TFRecords via Protocol Buffer Definitions

Thursday March 30, 2017

I've written about how to use TFRecords, and I've written about how protocol buffer messages are defined. Since the data structures in TFRecords are defined as protocol buffer messages, we can use their definitions to understand them.

Protocol buffer definitions remind me a little bit of railroad diagrams like the ones in Douglas Crockford's JavaScript: The Good Parts. Here's how Crockford builds up number literals in JavaScript, starting from digits:

integer railroad diagram

fraction railroad diagram

exponent railroad diagram

number railroad diagram

Small components are fully defined, which can then be built into more complex constructs. (More examples.) Protocol buffer definitions are built in much the same way.

With comments, the TensorFlow source files feature.proto and example.proto total 400 lines. There are only about 30 lines are not comments. These lines (rearranged slightly) do all the defining of the Example and SequenceExample formats that are used for TFRecords.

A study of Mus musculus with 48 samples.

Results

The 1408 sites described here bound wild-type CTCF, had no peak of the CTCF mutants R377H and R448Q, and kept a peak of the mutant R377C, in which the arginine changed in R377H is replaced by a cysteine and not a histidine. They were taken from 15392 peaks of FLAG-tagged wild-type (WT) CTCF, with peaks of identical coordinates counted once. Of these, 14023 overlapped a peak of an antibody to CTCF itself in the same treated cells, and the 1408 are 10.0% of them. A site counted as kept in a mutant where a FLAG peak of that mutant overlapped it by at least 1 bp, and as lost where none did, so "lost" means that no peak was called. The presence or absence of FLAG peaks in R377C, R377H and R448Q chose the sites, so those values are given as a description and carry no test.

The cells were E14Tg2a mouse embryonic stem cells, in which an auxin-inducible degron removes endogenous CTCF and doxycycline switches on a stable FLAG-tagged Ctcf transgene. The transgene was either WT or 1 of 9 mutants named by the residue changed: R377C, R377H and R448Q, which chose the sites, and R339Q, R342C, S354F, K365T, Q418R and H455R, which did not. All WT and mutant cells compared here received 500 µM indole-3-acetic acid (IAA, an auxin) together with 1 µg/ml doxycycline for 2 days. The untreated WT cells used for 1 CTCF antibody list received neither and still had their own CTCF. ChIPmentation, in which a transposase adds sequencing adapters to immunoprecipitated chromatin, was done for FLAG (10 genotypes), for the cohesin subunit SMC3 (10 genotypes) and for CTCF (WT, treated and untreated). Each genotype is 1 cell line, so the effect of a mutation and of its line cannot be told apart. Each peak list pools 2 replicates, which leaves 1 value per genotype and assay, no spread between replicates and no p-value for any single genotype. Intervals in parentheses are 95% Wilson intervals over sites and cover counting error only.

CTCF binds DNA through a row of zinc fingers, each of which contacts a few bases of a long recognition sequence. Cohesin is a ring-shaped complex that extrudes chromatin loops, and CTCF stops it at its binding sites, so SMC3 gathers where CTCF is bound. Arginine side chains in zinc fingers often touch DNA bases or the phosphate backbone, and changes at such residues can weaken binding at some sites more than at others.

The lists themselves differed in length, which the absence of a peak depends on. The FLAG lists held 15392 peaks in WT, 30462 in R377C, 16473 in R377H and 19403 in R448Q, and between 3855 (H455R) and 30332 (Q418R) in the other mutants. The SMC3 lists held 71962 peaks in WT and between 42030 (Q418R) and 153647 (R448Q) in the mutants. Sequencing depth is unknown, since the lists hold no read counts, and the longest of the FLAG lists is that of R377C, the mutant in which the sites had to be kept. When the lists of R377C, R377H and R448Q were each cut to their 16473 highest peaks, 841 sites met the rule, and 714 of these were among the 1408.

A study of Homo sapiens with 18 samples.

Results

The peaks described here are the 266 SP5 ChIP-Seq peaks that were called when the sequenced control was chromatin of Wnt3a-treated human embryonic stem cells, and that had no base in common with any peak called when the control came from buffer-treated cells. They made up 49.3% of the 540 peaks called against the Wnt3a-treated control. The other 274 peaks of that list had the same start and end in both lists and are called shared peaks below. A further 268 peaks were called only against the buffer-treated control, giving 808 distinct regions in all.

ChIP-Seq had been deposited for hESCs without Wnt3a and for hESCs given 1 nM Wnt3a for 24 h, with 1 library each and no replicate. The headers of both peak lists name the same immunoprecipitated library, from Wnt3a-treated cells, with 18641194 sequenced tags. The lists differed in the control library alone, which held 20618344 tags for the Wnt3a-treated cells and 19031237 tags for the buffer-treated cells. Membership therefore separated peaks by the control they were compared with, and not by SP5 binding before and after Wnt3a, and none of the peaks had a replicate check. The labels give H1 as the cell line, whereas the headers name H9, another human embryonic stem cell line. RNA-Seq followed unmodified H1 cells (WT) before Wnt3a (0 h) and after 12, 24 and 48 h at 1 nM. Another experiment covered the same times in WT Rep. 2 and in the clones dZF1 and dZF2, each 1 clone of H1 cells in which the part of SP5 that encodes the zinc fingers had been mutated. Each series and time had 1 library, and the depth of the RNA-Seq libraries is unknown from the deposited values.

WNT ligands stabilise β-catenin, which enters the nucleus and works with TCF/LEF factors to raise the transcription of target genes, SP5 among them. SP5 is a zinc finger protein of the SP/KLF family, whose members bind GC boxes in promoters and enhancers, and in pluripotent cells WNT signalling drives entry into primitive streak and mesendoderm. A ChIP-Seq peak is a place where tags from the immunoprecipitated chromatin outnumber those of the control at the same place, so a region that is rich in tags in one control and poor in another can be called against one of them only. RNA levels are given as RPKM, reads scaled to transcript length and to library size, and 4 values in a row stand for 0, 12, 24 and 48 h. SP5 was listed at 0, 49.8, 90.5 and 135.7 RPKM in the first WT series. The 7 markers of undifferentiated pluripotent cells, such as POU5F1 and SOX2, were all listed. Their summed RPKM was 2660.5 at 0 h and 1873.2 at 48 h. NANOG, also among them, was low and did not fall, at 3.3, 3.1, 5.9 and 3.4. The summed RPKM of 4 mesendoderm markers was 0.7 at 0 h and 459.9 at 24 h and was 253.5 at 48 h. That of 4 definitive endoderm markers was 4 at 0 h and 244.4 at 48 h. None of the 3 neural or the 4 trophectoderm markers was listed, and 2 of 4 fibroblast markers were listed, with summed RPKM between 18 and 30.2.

message BytesList {
  repeated bytes value = 1;
message FloatList {
  repeated float value = 1 [packed = true];
message Int64List {
  repeated int64 value = 1 [packed = true];
message Feature {
  oneof kind {
    BytesList bytes_list = 1;
    FloatList float_list = 2;
    Int64List int64_list = 3;
message Features {
  map<string, Feature> feature = 1;
message Example {
  Features features = 1;
message FeatureList {
  repeated Feature feature = 1;
message FeatureLists {
  map<string, FeatureList> feature_list = 1;
message SequenceExample {
  Features context = 1;
  FeatureLists feature_lists = 2;

These brief definitions give rise to most of the functionality described for creating, writing, and reading the TFRecords formats.

I'm working on Building TensorFlow systems from components, a workshop at OSCON 2017.